In a must-win game at home against No. 12 Florida, the Commodores erased a late 12-point deficit with a 14-0 run, surviving four missed free throws in the final minute to knock off the Gators, 73-71, and complete the season sweep.

With the win, Vanderbilt is now 17-14 on the season and 10-8 in the SEC, which doesn’t sound like a résumé that is good enough to be in the NCAA tournament until you look at it a bit deeper. Vandy now have five top 30 wins on the season — two of which came on the road — including two top five wins, both over Florida. They have a total of 10 top 100 wins and just one of their losses is what you can call a bad loss; they lost by 20 points at Missouri.

What the committee does with Vandy is going to be fascinating. On the one hand, the Commodores are good. They had Kentucky beaten on the road before giving that game back. They swept Florida, who is a top ten team in every metric. They beat South Carolina. They beat Iowa State. They won at Arkansas. Their record ins’t flattering, but they played the second-toughest schedule in the country, including the No. 2 ranked non-conference schedule. That’s a factor.

They also lost eight times in an SEC that isn’t all that good, including a 20 point loss to an awful Missouri team.

But here is the more distressing part: Vanderbilt has 14 losses. Assuming they need an at-large bid to get into the NCAA tournament, they’ll have 15 losses on Selection Sunday. There has never been an at-large team put into the field with 15 losses to their name.

Vanderbilt is going to be the team that tells us a lot about what the Selection Committee valued this year. If they get in, then a strong schedule combined with a couple of great wins and a number of good wins is more important than an impressive record devoid of losses. In other words, Vandy is the anti-Wichita State.

The bottom-line is this: Vanderbilt is right there on the but line. They are going to be one of those dozen or so teams whose at-large candidacy will be determined by just how far they get in their league tournament.

NCAA denies extra-year request by NC State guard Henderson


Henderson announced the decision Friday in a statement issued by the school.

The Raleigh native played two seasons at West Virginia before transferring to N.C. State and redshirting in 2014-15. He played for only 7 minutes of the following season before suffering a season-ending ankle injury.

As a redshirt senior in 2016-17, he was the team’s second-leading scorer at 13.8 points per game and made a team-best 78 3-pointers.

Henderson called it “an honor and privilege” to play in his hometown.

SMU gets transfer in Georgetown’s Akoy Agau


The 6-foot-8 Agau started his career at Louisville before transferring to Georgetown after one season. Spending two seasons with the Hoyas, Agau was limited to 11 minutes in his first season due to injuries. He averaged 4.5 points and 4.3 rebounds per game last season.

Coming out of high school, Agau was a four-star prospect but he’s never lived up to that billing in-part because of injuries. Now, Agau gets one more chance to make a difference as he’s hoping to help replace some departed pieces like Ben Moore and Semi Ojeleye.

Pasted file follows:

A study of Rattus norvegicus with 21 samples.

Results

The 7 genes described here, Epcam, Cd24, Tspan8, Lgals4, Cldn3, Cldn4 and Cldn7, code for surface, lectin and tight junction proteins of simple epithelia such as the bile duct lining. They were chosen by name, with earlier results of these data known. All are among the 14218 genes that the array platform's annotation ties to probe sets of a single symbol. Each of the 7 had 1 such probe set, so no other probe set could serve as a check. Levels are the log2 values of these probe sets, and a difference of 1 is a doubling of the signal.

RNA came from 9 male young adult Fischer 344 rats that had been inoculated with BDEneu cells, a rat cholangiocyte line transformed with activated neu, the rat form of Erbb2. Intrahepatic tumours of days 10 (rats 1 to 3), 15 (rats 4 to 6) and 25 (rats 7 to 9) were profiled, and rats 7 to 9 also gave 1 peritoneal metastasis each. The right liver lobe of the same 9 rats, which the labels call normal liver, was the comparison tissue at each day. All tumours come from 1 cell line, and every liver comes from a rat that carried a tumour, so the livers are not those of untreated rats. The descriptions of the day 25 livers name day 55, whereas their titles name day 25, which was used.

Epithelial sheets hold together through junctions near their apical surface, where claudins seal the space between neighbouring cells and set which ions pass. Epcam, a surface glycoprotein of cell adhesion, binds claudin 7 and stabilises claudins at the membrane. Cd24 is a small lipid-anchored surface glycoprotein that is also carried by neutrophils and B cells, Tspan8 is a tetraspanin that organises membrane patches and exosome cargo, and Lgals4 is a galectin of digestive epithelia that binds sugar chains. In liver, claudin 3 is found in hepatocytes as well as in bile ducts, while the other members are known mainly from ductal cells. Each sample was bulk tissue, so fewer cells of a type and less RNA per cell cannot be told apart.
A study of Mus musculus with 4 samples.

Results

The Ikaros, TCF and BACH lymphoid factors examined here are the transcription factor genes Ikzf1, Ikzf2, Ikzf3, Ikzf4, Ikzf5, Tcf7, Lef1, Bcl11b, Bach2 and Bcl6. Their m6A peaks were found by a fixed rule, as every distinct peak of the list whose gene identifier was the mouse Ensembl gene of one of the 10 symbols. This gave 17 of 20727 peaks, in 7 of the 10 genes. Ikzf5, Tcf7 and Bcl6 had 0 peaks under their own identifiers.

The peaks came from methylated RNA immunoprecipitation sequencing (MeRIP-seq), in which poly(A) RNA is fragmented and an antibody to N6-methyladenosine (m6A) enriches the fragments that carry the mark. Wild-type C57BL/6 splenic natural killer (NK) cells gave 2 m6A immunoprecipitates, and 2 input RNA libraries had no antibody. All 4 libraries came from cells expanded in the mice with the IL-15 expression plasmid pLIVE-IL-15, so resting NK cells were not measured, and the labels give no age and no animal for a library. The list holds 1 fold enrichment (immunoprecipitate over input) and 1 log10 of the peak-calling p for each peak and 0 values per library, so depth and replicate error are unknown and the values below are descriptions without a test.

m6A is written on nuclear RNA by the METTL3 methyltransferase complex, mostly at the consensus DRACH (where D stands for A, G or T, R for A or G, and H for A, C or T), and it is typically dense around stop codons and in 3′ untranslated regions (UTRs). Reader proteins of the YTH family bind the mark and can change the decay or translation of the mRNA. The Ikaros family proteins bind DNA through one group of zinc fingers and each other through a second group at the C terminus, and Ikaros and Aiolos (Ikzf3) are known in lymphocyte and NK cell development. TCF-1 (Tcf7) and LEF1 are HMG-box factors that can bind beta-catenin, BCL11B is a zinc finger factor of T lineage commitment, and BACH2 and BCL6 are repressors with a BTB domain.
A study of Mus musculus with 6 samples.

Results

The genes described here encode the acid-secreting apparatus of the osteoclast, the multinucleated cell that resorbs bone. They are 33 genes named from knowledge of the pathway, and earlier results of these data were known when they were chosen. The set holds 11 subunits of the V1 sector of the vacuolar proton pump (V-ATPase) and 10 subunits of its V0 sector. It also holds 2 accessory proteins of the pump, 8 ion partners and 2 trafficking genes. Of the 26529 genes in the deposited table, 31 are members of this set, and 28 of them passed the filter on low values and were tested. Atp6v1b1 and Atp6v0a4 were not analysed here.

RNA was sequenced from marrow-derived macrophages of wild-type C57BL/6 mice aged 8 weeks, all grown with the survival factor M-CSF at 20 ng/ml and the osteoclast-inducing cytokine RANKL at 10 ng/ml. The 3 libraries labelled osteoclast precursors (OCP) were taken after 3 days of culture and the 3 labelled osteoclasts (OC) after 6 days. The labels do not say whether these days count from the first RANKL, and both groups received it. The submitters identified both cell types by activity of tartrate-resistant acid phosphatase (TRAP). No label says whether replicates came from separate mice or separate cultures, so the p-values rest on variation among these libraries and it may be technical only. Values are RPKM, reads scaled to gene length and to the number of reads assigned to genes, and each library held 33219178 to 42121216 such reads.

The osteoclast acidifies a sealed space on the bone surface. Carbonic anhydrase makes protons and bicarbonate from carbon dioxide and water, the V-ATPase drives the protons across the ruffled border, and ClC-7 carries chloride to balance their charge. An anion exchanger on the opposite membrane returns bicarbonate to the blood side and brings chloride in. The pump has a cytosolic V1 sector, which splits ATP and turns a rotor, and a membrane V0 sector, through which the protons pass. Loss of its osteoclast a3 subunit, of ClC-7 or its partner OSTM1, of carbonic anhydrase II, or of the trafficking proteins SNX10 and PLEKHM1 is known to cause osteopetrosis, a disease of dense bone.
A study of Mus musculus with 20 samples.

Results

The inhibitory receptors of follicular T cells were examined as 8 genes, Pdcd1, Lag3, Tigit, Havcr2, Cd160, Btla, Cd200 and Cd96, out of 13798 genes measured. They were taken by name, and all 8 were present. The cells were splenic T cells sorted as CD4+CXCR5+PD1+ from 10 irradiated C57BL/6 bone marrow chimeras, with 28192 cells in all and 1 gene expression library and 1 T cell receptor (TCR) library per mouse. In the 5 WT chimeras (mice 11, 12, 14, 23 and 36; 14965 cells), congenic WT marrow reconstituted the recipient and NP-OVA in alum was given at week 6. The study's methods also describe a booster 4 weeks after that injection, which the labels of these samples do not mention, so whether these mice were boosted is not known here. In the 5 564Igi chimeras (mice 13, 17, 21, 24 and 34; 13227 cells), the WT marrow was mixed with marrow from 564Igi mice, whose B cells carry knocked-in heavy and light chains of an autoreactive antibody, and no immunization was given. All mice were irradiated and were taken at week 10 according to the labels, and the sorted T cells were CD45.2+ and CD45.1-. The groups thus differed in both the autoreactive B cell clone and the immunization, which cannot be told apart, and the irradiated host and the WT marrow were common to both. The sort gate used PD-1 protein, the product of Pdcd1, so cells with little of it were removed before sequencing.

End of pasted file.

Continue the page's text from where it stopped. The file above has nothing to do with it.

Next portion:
South Carolina loses big man Sedee Keita to transfer


The 6-foot-9 Keita was once regarded as a top-100 national prospect in the Class of 2016, but he never found consistent minutes with the Gamecocks for last season’s Final Four team.

Keita appeared in 29 games and averaged 1.1 points and 2.0 rebounds per game while shooting 27 percent from the field.

A native of Philadelphia, Keita will have to sit out next season before getting three more seasons of eligibility.

Although Keita failed to make an impact during his only season at South Carolina, he’ll be a coveted transfer thanks to his size and upside.

Mississippi State losing two to transfer


Both Kegler and Wright were four-star prospects coming out of high school as they were apart of a six-man recruiting class that is supposed to be a major foundation for Ben Howland’s future with the Bulldogs.

The 6-foot-7 Kegler was Mississippi State’s third-leading scorer last season as he averaged 9.7 points and 5.5 rebounds per game. Kegler should command some quality schools on the transfer market, especially since he’ll still have three more years of eligibility after sitting out next season due to NCAA transfer regulations. Kegler’s loss is also notable for Mississippi State because it is the second consecutive offseason that Howland lost a top-100, in-state product to transfer after only one season after Malik Newman left for Kansas.

Wright, a 6-foot-4 guard, was never able to find consistent minutes as he was already behind underclass perimeter options like Quinndary Weatherspoon, Lamar Peters and Tyson Carter last season. With Nick Weatherspoon, Quinndary’s four-star brother, also joining the Bulldogs next season, the writing was likely on the wall that Wright wasn’t going to earn significant playing time.

 

N.C. State lands second transfer of day with Utah’s Devon Daniels


Earlier in the day, N.C. State and new head coach Kevin Keatts landed another quality transfer in UNC Wilmington guard C.J. Bryce.

The 6-foot-5 Daniels just finished his freshman season with the Utes in which he put up 9.9 points 4.6 rebounds and 2.7 assists per game while shooting 57 percent from the field and 40 percent from three-point range. Just like Bryce, Daniels will have to sit out the 2017-18 season due to NCAA transfer regulations before he has three more seasons of eligibility.

N.C. State now has two potential starters on the perimeter for the 2018-19 season with the addition of Bryce and Daniels as it will be interesting to see what kind of talent the Wolfpack can get around them.